What the Senate tax plan would mean to you - Part 2 - business taxes:

What the Senate tax plan would mean to you - Part 2 - business taxes:  

Bottom Line: In the first part of today's breakdown of the GOP proposed tax reform package I demonstrated that everyone benefits with those earning $50,000 or less benefiting the most relatively. The second, important piece of the pie is the corporate tax reform proposal. The news here is notable too. There are two key tax rates for businesses they're these:  

  • Flat corporate tax rate of 20% (same as House plan but doesn't take effect until 2019) 

  • Pass through rate of 31.8% or less for sole proprietors, S corporations & partnerships (compares to 25% flat House plan rate) 

  • Deductions limited but not to the extent of House plan  

So just as the Senate plan is most favorable to adults earning $50k or less, the business side of the coin is improved but not to the extent of the House proposal. The most notable changes occur with the timeline of the reform, one year delayed, and the top pass-through rate that's 6.8% higher than the House plan.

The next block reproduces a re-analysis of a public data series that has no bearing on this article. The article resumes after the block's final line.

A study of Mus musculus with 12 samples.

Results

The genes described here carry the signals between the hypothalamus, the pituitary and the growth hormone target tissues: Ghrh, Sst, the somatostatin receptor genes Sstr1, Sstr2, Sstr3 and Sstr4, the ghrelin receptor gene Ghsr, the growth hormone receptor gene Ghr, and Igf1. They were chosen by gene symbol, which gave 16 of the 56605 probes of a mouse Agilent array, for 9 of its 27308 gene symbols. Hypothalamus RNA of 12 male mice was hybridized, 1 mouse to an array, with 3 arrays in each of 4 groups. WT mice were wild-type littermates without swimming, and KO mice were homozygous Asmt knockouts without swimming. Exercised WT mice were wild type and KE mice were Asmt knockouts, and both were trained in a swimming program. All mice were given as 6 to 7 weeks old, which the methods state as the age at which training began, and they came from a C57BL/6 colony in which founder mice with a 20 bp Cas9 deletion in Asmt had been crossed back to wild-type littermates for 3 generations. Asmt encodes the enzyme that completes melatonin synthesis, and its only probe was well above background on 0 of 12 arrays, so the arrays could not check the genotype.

Just as I debunked the leftist lies of the impact of the reform on individuals (everyone benefits meaningfully), I'm getting ready to do the same here. The argument by many leftists is that cutting the top corporate tax rate will shift the tax burden further to individuals. That's factually inaccurate once again. While the top corporate tax rate is currently 38%, the net effective tax rate average according to the Treasury Department is 19.4%. As has well been documented there are many companies that avoid paying any corporate tax due to current loopholes, ie GE and those who pay the top rate that aren't favored by the code ie, CVS.  

This new rate will actually be a slight overall increase for the average business unless they're specifically investing in growth through R&D expenses or paying for affordable housing to help potential employees. What it does is end the "winners and losers" that have been carved out in the code. About half of companies will benefit. About half will pay more - some substantially more and the overall burden will be about the same.